Cramer's 'Mad Money' Recap: CEOs Are Better Than Congressmen


The good news, or what little there is, is that Washington didn't seem okay with taking a vacation if a fiscal cliff isn't done, Cramer said, reminding viewers of his "No vacation without legislation" war cry.

However, "it didn't seem like Washington was willing to rise above politics and take the necessary action," Cramer said. "I hope I'm wrong."

CEOs are so much better to deal with than congressmen, he added. "I'm not feeling confident our leaders will be able to rise above" partisan politics and come up with a deal.

So the bottom line for investors, Cramer says: "I think we're going over the cliff, then we'll bounce back."

Investors, you have to ask yourself "can you handle the endless Washington intrusion in your portfolio? If you can't, no one will blame you for selling. It really is that bad down there," Cramer said.

North Dakota Pride

If there's one state Cramer loves because of the energy potential of the Bakken shale region, it's North Dakota. So Cramer talked to the Sen. John Hoeven, about whether than can be a deal that promotes small-business growth.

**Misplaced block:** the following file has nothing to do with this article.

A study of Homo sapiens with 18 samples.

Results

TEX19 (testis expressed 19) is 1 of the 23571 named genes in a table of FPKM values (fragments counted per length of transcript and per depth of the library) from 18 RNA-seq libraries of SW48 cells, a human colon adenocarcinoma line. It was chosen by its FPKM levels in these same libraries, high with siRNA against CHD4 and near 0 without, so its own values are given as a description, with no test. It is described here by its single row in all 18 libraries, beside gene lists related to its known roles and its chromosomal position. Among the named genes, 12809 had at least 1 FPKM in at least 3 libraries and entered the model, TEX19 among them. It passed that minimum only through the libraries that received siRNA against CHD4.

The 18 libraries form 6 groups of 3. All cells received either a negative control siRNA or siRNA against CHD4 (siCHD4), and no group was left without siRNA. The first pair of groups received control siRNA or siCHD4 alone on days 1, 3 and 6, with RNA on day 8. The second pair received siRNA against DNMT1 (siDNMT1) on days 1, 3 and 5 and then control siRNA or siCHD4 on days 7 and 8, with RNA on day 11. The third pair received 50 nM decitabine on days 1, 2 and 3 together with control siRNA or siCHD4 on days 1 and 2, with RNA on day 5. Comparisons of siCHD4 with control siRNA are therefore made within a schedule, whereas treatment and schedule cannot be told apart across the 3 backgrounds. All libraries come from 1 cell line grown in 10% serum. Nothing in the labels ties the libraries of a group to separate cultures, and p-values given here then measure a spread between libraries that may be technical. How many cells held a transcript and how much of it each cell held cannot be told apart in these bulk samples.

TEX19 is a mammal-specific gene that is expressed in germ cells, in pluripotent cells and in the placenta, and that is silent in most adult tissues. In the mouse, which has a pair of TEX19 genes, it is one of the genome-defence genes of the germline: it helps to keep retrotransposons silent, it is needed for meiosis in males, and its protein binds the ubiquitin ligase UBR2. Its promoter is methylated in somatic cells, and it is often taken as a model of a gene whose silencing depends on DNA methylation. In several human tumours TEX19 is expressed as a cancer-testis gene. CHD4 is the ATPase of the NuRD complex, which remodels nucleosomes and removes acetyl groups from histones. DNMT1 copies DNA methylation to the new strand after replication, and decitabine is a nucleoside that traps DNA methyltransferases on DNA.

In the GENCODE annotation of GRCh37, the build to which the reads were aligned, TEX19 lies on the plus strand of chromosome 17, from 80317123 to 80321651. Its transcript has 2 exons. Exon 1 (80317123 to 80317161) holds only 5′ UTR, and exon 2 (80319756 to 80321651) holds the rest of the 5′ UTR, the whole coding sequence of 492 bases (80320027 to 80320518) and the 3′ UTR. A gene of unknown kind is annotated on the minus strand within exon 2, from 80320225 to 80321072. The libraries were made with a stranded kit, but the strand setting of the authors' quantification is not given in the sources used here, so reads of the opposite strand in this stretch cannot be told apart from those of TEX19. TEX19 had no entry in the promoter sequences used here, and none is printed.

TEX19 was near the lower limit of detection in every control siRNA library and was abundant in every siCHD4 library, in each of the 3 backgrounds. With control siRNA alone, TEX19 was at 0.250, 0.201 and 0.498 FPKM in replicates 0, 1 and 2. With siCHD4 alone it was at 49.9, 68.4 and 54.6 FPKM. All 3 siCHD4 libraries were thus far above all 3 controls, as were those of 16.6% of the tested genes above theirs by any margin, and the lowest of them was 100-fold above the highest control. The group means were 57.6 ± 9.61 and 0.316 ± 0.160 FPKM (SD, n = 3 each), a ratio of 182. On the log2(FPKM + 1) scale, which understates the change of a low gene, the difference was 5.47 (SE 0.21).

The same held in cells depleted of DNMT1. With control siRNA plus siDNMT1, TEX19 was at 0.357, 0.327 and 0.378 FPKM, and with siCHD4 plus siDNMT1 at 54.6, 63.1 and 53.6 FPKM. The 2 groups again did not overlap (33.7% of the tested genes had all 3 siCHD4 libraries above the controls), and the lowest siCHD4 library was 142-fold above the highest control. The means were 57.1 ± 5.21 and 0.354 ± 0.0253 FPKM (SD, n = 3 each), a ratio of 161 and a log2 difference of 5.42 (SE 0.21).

Hoeven, an advocate of finding bipartisan consensus, is an unusual Republican in that he did not sign a no-tax pledge.

"I think we can get a deal on the order of $4 trillion over 10 years" through a combination of taxes and entitlement cuts, Hoeven said. "That's what we need to get our economy going."

As governor of North Dakota, Hoeven was behind a tax code that is "fair and makes sense." He said the state's economic growth and budget surplus comes from economic growth and not from taxes.

The U.S. tax codes must be reformed in a pro-growth way, Hoeven said. We need to unleash entrepreneurial energy, "the small entrepreneurs are going to make a difference."

Cramer said of Hoeven that resolving the fiscal cliff has to do with spirit. "There's no rancor here, just pro-growth. Pro-growth gets the job done. Sen. Hoeven is speaking for a lot of people in trying to rise above." What's needed is leadership from President Obama, who must come out and say we're going to get this done.

Executive Decision

As the cliff looms, what about retail? Specifically, what about the high-end retail customer? Cramer talked to Saks (SKS) CEO Steve Sadove, who said the rich are less concerned about having their taxes raised and more concerned about avoiding a fiscal cliff that will do long-term damage to the stock market.